In a stunning moment of honesty, celebrated traditional winemaker Josko Gravner admitted to adulterating his famous amphorae-aged orange wines by adding significant amounts of the children’s “juice-like beverage” SunnyD.
Gravner has been recognized world-wide as the man who brought orange-hued wines to the “general” public. A few top sommeliers in a couple major cities now sell at least two bottles a year of this Caucasian specialty. In the Bay Area alone, diners can sample this curious beverage in as many as two wine bars. This is a marked jump in popularity from pre-Graver days (any time before 2009), when orange wine couldn’t be found anywhere outside of Georgia (the country) or Slovenia.
“It was too difficult to continue producing true orange wine in the classical tradition,” admitted Gravner through an Italian translator. Indeed, producing real orange wine is an art form, and the winemaker must know precisely how long to let the pressed juice ferment with the grape skins. “Literally one secondi too long and the wine is ruined,” sighed Gravner.
This risk translates to a high cost of production; hence the use of dirt-cheap orange “juice.” SunnyD costs approximately $0.02 per gallon in bulk, and has few duty taxes added when shipped oversees, explained international customs expert and health food junkie, Dan Smith. “The way I see it, the U.S. is itching to get more of its corn-based products sold oversees in order to gain more life-long ‘customers’ [note actual use of scarequotes]. They’re willing to ship just about any corn product dirt-cheap. Especially these semi-juices, as I like to call them, that are laden with high fructose corn syrup,” he explained.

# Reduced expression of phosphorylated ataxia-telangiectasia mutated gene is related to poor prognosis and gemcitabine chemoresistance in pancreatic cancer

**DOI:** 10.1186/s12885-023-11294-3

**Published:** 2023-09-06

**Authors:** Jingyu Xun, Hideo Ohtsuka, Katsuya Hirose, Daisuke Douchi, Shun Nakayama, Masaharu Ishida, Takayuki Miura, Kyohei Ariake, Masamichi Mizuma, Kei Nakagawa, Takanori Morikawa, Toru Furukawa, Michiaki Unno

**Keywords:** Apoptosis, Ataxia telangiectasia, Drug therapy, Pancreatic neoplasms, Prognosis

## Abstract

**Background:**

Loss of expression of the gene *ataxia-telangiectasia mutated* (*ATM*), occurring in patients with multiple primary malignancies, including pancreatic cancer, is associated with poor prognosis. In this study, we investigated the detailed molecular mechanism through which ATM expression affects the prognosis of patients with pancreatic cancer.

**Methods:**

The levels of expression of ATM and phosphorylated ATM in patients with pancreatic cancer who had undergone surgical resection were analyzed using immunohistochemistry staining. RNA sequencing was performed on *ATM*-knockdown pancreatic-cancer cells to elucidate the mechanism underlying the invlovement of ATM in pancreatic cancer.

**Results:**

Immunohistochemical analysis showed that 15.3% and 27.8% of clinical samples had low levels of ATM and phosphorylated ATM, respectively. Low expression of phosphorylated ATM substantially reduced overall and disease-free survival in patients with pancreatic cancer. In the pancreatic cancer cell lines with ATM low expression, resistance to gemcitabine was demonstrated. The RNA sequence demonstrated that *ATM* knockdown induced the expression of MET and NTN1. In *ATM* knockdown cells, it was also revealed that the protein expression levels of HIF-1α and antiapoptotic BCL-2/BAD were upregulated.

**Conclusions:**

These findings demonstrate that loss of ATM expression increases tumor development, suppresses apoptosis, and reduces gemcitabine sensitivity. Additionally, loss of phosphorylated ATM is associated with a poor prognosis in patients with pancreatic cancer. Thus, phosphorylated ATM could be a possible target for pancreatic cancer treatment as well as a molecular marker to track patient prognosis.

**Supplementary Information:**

While he wouldn’t give complete details, Gravner was able to hint at his new process: “The white wine, it tastes pretty good on its own. Then I add a little bit of orange color, a little bit of complexity from the juice. Voila! Orange.” Gravner does continue to age his SunnyD-filled wines for a couple of years to help mask the adulterant. “This process,” he said, “I knew it would work because I copied it from others in Georgia who have been making wine this way for years.”
Yes, that’s right folks. Most Georgian orange wines (and we suspect Solvenian) are also tainted, leading those of us in the wine world to sincerely question what we know as truth. What, in reality, is orange wine? Has it always been adulterated? Are those who produce the wine without adding “juice” actually following tradition? What is tradition, anyway?
Let’s grab a few glasses and think on it.